Book Reviews

Book Review: The Night Ship

By Jess Kidd

Publication Date:  October 4, 2022

397 Pages

This novel follows two nine-year olds born hundreds of years apart, but bound together by tragedy.

In 1629, Maynken boards the Batavia on its maiden voyage to the Dutch East Indies.  Alone except for her nursemaid, she’s on her way to live with her father, a man she doesn’t know.  While her nursemaid suffers an illness in their cabin, Maynken is left alone to explore the ship, befriending both fellow passengers and crew, and hunting a monster in the hold that she believes is responsible for her nursemaid’s illness.  But when disaster strikes, the real monsters are all too human.

In 1989, after his mother’s death, Gil is sent to live with his grandfather on a tiny island off the coast of Western Australia.  In part because of his upbringing, Gil is a loner and uncomfortable around other people.  He has no desire to become a fisherman and due to a long-standing feud between his grandfather and many of the other men on the island, Gil is not welcome in most homes.  He spends most of his time with the scientists who live on the island, researching the wreck of the Batavia. So many unlikely stories surround the wreck; could it be true that the ghost of a little girl still haunts the island?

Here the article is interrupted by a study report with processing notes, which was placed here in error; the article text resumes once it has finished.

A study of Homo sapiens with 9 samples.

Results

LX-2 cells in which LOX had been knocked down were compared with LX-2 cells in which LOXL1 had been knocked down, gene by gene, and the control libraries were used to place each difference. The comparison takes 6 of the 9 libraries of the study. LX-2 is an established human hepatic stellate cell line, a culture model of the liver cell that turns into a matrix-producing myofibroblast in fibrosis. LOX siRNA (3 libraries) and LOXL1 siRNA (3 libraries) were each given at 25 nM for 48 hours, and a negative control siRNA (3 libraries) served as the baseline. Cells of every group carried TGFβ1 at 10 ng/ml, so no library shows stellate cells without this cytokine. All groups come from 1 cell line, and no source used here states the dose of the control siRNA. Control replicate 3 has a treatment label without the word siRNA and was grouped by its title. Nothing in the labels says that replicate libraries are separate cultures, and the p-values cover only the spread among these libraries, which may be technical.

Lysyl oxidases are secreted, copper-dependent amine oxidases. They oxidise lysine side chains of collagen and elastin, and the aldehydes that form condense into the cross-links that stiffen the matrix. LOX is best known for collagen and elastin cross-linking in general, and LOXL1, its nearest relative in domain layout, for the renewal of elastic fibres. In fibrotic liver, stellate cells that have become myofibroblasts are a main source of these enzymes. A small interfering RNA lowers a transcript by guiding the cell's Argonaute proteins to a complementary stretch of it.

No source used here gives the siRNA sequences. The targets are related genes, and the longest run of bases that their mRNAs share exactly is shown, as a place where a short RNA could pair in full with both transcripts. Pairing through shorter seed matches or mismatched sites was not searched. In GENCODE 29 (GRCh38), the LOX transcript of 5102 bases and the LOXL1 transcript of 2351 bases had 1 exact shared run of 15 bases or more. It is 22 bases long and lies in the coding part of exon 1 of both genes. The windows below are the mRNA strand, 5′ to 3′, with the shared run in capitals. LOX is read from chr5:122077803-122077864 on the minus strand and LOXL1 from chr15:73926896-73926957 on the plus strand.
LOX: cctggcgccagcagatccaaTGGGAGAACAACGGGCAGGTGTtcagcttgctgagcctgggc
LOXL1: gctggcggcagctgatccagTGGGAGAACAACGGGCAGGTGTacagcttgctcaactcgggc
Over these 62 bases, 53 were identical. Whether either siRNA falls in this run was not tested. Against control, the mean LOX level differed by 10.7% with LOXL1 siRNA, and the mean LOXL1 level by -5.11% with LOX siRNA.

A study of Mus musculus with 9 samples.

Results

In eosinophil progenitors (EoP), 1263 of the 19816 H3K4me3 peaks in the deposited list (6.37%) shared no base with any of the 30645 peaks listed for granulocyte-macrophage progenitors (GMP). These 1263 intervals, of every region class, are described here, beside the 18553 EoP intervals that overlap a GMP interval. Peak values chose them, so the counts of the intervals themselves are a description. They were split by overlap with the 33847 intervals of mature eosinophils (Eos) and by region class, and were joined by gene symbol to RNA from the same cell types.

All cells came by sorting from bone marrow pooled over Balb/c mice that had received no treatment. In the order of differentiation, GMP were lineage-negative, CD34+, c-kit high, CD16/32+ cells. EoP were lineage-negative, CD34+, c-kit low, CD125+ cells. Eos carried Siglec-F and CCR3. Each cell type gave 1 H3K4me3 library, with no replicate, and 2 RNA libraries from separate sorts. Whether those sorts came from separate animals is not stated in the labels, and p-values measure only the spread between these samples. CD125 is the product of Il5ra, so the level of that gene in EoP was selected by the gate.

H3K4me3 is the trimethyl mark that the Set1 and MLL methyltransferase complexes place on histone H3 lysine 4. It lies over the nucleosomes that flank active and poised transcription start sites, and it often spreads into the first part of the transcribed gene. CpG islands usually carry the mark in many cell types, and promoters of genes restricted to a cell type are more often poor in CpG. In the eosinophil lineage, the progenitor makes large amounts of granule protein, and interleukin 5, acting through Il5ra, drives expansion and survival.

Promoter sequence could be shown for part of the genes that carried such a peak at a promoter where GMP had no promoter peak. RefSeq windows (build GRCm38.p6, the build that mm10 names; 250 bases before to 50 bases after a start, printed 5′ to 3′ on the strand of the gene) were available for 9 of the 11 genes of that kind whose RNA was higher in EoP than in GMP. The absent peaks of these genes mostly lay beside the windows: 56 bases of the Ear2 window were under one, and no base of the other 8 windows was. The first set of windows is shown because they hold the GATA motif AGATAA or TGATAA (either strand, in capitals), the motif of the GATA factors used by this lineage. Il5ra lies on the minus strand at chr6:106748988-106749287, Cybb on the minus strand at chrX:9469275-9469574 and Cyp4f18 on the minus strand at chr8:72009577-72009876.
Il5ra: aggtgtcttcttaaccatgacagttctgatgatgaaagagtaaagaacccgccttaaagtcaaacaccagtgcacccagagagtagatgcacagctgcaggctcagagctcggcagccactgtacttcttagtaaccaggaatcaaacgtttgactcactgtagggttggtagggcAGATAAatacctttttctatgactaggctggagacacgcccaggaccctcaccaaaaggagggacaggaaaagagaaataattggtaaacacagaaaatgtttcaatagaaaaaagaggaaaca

“The Night Ship” interpreted by Wombo Dream

I’m going to start out with what didn’t quite work for me in this novel, because there wasn’t much.  The two stories flip back and forth, growing in tension and driving the main characters toward their fate.  However, since the story about what happened to the Batavia and her passengers and crew was revealed fairly early on in the “current” timeline, it robbed most of the tension from the historic timeline.  It’s kind of like reading about the Titanic, you already know what happens so the ending is hardly a surprise.  

However, I really, really liked everything else about this book.  The historical details were rich and not forced (as in when an author drops in a reference for the time period just because they can, or a character names every street in a city to convince you the author has been there and done their research).  The characters were superbly drawn and what really struck me was how much more was not said rather than what was actually spoken or revealed.  Honestly, I’ve never seen an author use silence so well.  

One really well crafted aspect was the at-times perfect parallel between the two children.  I nearly expected the timelines to intersect, but it wasn’t that kind of story.  This didn’t happen all the time but some chapters ended and the next began with the children each doing nearly the exact same thing, or having the same thought, etc.  I wasn’t sure if I liked it the first time, but then it grew on me and I found myself looking for it.

To summarize, a truly enjoyable read.  I will be looking for more by the author.

4.25 stars ⭐⭐⭐⭐+

Thank you to NetGalley and Atria Books for providing the ARC.  I’ve left my review honestly and voluntarily.

Until next time, thank you for visiting.